My last article looked at the morbid tale of the soldier who got lost in the crypts of Christchurch and was eaten alive by rats. This story is often told in connection with the alleged tunnel that ran from Christchurch to the area where the Four Courts is today.
In 1224 the Dominicans (the Black Friars) established St Saviour’s Priory by the present location of Inns Quay on the Northside of the Liffey. They took over possession a small chapel which had been built four years previously. The priory’s extensive grounds reached to the corner of Cuckoo Lane and George’s Hill.
They built a bigger, more suitable church in 1238 but this fell victim in 1304 to one of Dublin’s periodic fires.
The priory buildings were taken over in 1539 under Henry VIII for use at first as courts of law, and then as a hostel for lawyers under the title of “King’s Inns”. The lawyers retained a chapel within the former priory for their private use. In later years, apart from its brief restoration to the friars in the time of James II, the priory was used in turn as a barracks, a theatre, a publishing centre.
In 1786 the present Four Courts building was erected on the site.
In 1860 it was reported in an article, ‘On the Wells in or near Dublin, Attributed to or Named after St. Patrick’, published in Proceedings of the Royal Irish Academy (1836-69) that:
It was in Mr Bailie’s Timber Yard, corner of George’s Hill and Cuckoo-Lane, in a vault, approached by a great flight of stairs, also leading to a vaulted chamber which appears to have been an ancient church.
The local tradition leads to the conclusion that these vaults extend to a great distance, south to the Liffey, and westwards to Thief’s Hole, near the Park Gate, which was opened about thirty years ago, when it was examined by the police, in consequence of a report that the body of a murdered female had been hid therin.
Another source (The Annals of Dublin, 1987) suggests that it was in 1890 that workmen found the 150 feet long tunnel heading for the Liffey. This was alleged to have been the ancient passage which ran under the river to connect with the crypt of Christ Church.
In the fantastic Life in old Dublin, historical associations of Cook street (1913), James Collins wrote:
The building of the Four Courts … has removed all traces of the Dominican Priory … save (those) still under ground, several of which are known to exist in the locality starting from North King Street towards the river.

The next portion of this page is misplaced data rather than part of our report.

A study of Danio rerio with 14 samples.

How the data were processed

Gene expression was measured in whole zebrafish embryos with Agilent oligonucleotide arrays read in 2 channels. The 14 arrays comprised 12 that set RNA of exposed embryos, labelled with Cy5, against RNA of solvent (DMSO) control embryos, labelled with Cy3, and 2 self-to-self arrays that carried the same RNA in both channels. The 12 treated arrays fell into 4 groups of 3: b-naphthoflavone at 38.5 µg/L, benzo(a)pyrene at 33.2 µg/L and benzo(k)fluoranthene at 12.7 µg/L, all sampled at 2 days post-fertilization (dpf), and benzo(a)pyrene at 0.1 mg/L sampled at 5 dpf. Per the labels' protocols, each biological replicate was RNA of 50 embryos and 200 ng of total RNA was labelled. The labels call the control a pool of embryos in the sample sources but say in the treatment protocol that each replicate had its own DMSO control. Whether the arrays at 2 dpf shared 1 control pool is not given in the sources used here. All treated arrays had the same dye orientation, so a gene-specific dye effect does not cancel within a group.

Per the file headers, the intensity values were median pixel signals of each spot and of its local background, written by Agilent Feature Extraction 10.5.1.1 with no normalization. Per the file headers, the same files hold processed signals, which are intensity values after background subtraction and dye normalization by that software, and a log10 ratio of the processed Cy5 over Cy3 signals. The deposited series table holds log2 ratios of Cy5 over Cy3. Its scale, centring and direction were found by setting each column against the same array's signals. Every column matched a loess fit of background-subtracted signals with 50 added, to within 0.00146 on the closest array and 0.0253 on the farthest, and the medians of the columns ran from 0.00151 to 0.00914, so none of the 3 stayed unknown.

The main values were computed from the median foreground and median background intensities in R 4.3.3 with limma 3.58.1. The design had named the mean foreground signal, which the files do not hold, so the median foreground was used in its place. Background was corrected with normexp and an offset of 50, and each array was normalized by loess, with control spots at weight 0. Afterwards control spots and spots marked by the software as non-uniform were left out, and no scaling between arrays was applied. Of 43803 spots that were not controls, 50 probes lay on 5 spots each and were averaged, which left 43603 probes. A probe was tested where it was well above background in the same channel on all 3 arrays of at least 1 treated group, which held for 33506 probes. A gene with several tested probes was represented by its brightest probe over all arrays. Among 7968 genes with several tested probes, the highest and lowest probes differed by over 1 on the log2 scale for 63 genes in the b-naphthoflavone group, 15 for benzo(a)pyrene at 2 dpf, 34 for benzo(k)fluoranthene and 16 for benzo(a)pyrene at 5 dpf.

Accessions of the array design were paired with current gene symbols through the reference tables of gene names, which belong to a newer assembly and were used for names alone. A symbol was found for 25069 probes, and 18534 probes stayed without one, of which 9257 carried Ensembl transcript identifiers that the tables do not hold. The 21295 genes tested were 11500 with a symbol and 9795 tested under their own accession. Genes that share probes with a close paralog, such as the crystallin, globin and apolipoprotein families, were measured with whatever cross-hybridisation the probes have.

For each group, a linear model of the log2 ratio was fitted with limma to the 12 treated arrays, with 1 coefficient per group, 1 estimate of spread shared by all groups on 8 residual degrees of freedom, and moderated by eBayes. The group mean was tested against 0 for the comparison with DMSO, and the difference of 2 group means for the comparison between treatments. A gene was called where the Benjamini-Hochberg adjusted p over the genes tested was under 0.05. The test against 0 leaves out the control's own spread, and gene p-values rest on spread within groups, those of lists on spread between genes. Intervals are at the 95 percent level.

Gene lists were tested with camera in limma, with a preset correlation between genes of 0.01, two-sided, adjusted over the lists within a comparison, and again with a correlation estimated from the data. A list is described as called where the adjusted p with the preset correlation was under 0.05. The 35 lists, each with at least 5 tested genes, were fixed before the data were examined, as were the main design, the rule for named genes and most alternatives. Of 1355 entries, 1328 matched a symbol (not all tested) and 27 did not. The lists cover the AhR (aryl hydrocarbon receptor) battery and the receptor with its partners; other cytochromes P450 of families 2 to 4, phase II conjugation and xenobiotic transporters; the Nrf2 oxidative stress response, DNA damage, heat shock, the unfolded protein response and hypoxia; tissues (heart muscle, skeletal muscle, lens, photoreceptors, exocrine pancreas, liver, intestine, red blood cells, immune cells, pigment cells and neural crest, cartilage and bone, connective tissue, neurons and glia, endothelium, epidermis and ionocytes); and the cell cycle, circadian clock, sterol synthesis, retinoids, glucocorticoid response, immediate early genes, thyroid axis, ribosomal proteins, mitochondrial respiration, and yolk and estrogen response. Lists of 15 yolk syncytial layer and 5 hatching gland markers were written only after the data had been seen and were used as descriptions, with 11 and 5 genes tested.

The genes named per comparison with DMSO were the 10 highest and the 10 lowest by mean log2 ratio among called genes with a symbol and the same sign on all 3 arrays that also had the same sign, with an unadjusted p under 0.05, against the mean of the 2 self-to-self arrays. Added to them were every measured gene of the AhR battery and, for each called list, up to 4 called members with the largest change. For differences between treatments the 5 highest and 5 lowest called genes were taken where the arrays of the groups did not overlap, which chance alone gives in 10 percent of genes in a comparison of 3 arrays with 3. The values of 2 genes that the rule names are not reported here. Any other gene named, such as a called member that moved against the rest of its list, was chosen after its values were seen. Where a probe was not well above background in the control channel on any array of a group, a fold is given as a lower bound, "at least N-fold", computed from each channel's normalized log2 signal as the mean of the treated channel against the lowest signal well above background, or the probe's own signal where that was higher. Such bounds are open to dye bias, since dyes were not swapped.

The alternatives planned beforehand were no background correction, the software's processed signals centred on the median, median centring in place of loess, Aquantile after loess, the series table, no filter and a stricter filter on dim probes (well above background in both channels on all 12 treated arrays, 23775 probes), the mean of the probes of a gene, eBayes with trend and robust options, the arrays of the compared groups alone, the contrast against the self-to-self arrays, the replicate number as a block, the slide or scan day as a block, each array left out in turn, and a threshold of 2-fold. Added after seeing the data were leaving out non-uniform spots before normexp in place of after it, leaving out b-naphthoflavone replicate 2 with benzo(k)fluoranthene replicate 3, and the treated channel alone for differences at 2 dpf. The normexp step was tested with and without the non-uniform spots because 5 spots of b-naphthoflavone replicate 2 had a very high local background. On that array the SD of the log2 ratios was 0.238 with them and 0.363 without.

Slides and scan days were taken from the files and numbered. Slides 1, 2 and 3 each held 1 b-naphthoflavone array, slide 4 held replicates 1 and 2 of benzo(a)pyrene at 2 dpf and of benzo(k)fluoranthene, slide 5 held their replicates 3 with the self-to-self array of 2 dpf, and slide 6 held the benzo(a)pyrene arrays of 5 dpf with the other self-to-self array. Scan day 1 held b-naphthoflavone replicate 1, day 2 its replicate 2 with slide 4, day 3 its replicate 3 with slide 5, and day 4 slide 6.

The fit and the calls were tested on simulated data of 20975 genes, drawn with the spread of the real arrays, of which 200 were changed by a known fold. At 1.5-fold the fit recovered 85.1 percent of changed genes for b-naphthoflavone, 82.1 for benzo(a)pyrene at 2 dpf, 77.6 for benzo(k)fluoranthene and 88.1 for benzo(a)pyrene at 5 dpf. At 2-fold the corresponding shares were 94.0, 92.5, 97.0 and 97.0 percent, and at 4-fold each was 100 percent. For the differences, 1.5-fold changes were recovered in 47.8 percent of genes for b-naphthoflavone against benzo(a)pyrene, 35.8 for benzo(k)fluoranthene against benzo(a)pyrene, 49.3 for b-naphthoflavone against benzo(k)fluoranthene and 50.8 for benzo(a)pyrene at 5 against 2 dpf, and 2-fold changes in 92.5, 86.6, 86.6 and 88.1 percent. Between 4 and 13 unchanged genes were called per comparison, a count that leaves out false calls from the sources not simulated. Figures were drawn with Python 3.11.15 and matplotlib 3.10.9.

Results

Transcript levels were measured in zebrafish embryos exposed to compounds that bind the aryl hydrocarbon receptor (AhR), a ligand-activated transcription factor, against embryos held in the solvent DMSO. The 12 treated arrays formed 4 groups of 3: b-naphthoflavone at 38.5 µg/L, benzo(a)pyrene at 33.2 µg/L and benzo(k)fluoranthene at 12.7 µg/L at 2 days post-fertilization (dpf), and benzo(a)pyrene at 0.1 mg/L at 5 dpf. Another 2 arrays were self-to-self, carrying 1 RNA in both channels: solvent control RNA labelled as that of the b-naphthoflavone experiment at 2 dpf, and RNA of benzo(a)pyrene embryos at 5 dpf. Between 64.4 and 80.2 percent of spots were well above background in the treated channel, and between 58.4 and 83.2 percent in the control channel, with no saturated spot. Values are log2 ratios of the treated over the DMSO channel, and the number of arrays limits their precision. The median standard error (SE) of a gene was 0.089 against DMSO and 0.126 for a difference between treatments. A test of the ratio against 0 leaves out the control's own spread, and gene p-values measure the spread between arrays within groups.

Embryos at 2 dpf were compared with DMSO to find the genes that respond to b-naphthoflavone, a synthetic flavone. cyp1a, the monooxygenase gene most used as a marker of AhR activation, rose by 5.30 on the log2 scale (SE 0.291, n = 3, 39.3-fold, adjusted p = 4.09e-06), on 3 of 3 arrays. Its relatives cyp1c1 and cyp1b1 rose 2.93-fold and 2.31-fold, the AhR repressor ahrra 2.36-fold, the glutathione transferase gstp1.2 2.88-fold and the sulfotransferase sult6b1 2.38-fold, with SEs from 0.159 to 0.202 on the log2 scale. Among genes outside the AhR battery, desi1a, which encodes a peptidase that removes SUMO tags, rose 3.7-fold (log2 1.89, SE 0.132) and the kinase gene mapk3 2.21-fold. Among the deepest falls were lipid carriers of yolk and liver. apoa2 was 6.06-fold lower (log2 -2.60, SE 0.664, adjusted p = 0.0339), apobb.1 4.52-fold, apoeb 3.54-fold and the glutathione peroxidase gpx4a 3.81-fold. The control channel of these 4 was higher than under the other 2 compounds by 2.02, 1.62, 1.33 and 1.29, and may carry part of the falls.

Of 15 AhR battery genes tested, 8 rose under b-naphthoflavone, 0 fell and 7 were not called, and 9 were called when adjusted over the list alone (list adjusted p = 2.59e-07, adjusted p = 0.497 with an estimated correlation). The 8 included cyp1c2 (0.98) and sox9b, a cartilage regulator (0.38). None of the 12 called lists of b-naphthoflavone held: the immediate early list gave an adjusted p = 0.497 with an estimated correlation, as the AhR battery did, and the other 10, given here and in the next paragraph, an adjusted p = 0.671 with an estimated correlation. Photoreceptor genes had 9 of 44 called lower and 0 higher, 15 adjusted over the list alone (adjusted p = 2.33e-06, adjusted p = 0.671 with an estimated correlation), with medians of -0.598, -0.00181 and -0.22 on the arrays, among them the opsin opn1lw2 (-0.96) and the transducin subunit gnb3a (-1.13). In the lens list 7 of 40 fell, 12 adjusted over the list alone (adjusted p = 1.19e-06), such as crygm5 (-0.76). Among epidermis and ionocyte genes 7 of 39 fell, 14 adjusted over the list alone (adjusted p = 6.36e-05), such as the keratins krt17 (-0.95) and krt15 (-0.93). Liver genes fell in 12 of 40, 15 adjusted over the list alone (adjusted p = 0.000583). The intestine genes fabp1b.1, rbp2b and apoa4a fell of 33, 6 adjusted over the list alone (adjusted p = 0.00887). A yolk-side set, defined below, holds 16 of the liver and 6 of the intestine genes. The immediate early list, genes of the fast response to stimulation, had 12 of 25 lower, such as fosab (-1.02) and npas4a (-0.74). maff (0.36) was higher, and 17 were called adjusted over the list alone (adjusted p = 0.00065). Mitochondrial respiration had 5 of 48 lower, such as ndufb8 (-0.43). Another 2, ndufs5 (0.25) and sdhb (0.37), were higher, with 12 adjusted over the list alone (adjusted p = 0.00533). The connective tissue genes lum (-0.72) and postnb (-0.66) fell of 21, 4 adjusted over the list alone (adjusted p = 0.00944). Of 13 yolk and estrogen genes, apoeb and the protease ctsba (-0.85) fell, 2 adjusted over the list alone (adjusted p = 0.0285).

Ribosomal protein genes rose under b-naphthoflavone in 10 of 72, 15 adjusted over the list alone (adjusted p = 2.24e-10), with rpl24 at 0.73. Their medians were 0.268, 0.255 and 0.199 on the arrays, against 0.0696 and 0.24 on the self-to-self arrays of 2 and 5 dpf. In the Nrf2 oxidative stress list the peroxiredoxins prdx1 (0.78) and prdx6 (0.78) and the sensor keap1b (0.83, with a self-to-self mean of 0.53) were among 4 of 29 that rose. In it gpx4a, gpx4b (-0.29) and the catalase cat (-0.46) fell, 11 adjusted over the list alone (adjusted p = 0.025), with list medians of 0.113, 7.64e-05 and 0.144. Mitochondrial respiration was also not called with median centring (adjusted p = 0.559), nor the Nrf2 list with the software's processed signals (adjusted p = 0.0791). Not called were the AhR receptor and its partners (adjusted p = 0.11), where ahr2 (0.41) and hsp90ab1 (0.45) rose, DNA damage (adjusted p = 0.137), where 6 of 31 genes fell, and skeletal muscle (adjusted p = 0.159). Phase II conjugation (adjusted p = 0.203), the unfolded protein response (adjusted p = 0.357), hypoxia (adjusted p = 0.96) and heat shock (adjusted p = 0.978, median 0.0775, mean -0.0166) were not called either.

One of the most interesting was up to some years ago in a good state of preservation, after a lapse of 700 years. It consisted of a series of lofty semi-circular and round arches, built on massive piers, which are approached by a descent of large steps built in what was, up to a short time ago, known as Bailey’s timber yard, George’s Hill.
Opposite to the steps and in the first vault is a deeply arched recess in which there is a well of the purest water, said to be dedicated to St. Anne, from whom the adjoining street derives its name. On the left of the entrance vault is a built-up opening, which closes a vaulted passage, and tradition tells us that this passage extended to Christ Church, being tunneled under the river, and used at a remote period by the monks for the purpose of attending the ceremonials of the Cathedral.
Here’s where the story converges:
It is said that fifty years ago a workman procured a large ball of twine and some candles, and proceeded to explore the passage. He tied the end of the twine at the entrance, unwinding it as he went along, until he reached, as he considered, as far as Ormond Quay, when he was obliged to return, being driven back by foul air. The entrance was closed up in consequence of this exploit.
So, while the dates are varying, there are three sources pointing to a tunnel being found at the corner of Cuckoo Lane and George’s Hill sometime between 1830 and 1890.
Interestingly, there is a similar story about an underground tunnel from St. Mary’s Abbey to Christ Church. Richard Robert Madden, historian of the United Irishmen, wrote in 1843 about vaults in St. Mary’s Abbey where:
…there is some traditional record of their leading by a tunnel passage under the Liffey, to the vaults of Christ Church, a tradition which I believe was the subject of some inquiry about two years ago on the part of Earl de Grey.
In The Transactions of the Royal Irish Academy (1855) the “well-known tradition of an ancient communication between (the) Abbey and Christ Church” was mentioned in pasing
However, there is certainly a bit more evidence to suggest there certainly was a tunnel found in the grounds of St Saviour’s Priory (Four Cours area). Whether it ran all the way up to Christ Church is another matter.